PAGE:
After years of drought, it was great to set out this morning into the fog and rain! The redwoods of northern California are magical in the mist and filled with unique and kitschy places from drive-through trees to the 49-foot tall statue of Paul Bunyan and his ox, Babe, outside the Trees of Mystery! That’s where we met with Moro the wolf to see if she had found Chubblet the lion or not!
Moro came along with us, sniffing out the window for any scent of Chubblet on the storm-washed breezes. We paused at the plaque for Fort Ter-Wer, which was meant to bring peace between the Native Americans and settlers but got destroyed in a flood in 1861, before continuing south into Humboldt County!
As we left this fountain of dairy innovations and headed up the winding road toward the aptly named Lost Coast, Moro caught a familiar scent on the wind and leapt from the window, howling back that she would catch up with us once she found Chubblet!
By now, the clouds had parted, and we were crawling over crumbling pavement through flowering pastures and along steep cliffs! With few signs of civilization beyond fences, there was little to do but enjoy the scenery and the Decembrists as we headed toward the very remote final Humboldt County landmark!
Petrolia is a tiny community in the middle of nowhere. There’s a church, a store, a phone booth, some homes, and a whole lot of wild blackberries for picking! Despite its remoteness and the lack of things to do, it has a lot of charm to it. We took some time to stretch our legs while learning about the First Drilled Commercial Oil Wells in California, initiated by the Union Mattole Oil Company in 1865!
From there, we continued our quest eastward, over the winding and hidden mountain roads leading back from the Lost Coast into the magnificent Humboldt Redwoods State Park. The drive took hours, but the trees were exquisite, especially when we pulled in to the Avenue of the Giants!
Driving down this famous road of redwoods is a rite of passage for many American road-trippers, and for that reason, the Avenue of the Giants is lined with redwood-themed attractions and tourist traps, like the “Immortal Tree,” a huge survivor of a lightning strike, forest fire, logging (marked by an ax), and a flood (marked by a metal fish). It’s also conveniently located next to an RV park!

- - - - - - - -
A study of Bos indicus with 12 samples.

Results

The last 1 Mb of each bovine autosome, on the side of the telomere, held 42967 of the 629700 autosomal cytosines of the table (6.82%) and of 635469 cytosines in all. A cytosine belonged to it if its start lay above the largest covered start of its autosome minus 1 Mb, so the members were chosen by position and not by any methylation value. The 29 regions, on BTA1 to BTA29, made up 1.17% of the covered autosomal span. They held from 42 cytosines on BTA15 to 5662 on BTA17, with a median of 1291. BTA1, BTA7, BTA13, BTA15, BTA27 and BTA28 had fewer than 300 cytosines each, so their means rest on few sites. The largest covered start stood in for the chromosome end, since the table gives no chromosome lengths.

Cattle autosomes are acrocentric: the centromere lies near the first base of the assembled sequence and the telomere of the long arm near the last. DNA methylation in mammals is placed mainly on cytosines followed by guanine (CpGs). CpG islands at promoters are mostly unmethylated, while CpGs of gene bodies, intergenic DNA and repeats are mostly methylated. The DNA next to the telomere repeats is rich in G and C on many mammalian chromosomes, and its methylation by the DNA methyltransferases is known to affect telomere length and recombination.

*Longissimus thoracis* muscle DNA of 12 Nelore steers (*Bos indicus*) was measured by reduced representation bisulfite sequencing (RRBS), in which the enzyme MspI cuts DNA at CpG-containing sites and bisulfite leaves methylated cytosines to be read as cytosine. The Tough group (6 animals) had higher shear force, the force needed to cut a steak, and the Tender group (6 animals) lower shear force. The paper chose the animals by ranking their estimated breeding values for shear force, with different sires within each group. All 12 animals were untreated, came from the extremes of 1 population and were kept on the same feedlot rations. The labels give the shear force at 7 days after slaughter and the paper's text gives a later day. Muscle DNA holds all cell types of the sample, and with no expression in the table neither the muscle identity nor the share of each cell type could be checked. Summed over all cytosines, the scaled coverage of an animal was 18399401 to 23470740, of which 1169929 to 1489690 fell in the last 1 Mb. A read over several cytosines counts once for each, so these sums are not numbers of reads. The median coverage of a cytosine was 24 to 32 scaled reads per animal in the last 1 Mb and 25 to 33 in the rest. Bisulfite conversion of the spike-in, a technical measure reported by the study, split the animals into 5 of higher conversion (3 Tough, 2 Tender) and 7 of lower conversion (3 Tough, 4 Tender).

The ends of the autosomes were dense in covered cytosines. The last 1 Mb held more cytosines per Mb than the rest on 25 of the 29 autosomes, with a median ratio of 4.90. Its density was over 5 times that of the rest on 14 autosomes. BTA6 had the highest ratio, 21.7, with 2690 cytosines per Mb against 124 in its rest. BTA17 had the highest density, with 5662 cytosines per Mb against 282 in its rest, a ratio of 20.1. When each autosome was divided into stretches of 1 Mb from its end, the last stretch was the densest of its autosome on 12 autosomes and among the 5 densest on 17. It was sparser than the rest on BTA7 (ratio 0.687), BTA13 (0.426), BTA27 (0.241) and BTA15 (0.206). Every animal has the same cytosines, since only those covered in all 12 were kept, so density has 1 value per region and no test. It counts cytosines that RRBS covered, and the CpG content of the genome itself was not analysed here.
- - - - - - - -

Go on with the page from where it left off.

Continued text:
Further down the road is the Eternal Tree House, where we stopped for grilled cheese sandwiches. I’d expected to see a house high up in the redwoods, but instead it was a hollowed out stump! Looking down, I almost got knocked flat on my face by something whooshing down from above: it was my old pal, Terry Theflyingsquirrel!
Terry had been running around California discovering new types of trees for the last three years, and he’s taken a shining to the redwoods of the north! In fact, at this very minute, he was scoping out new places to live! He’d also expected something else when he saw the sign for the Eternal Tree House. This giant stump lost its head to loggers in the 1800s and was hollowed out in the 1910s by master wood splitter, Harry McLeod. It was a gift shop in the 50’s, but today, it’s just an empty room, big enough for a whole family of flying squirrels!
It wasn’t Terry’s cup of tree, though. He wanted something higher, something that wasn’t going to be full of tourists every day, so he hopped in the car to head up the road to the famous Redwood National Park!
We started our search at the beautiful all-natural, eco-friendly residences at Lady Bird Johnson Grove, one of the park’s most popular redwood groves! The park was officially established in 1968, and Richard Nixon, of all presidents, named this grove in honor of environmentalist and former first lady, “Lady Bird” Johnson!
We were greeted at the entrance by Ms. Maduro, a sluggish cousin of Mr. Foster, whom I met back in 2012! She slowly handed us some real estate pamphlets and invited us to take a stroll down the trail to the place where the park’s original dedication ceremony took place!
The trees here were enormous! They were not nearly as red as the ones in Muir Woods National Monument, but they were still very impressive! There was more than enough space here for a flying squirrel to find a home!
At the heart of the trail, the plaque dedicating this grove to “Lady Bird” Johnson still delivers her words to us visitors of the future. She sums up the experience of walking in the redwoods perfectly: “…all our problems seemed to fall into perspective and I think every one of us walked out more serene and happier.”
That was the plan anyway, because we were determined to find Terry a nice home along this trail. As we walked, we happened upon a bat napping on a stump and asked him if he had any recommendations.
He called himself Fwatty, which sounded a whole lot like my brother’s name, and even more coincidentally, a new space had opened up in his home tree! He took us there straightaway!
Many of these ancient redwoods have been hollowed out by forest fires, but they are so resilient that they keep on growing. Fwatty showed us a massive apartment complex inside one of the trees that suited Terry just fine! Terry signed the lease right then and there. Our quest had been a success!
With Terry settling comfortably into his new home, I turned my attention to the angle of the sun. There was still one final historical landmark to see, and there was not much time to see it before the coming of night!
Once more onto the beach, dear friends!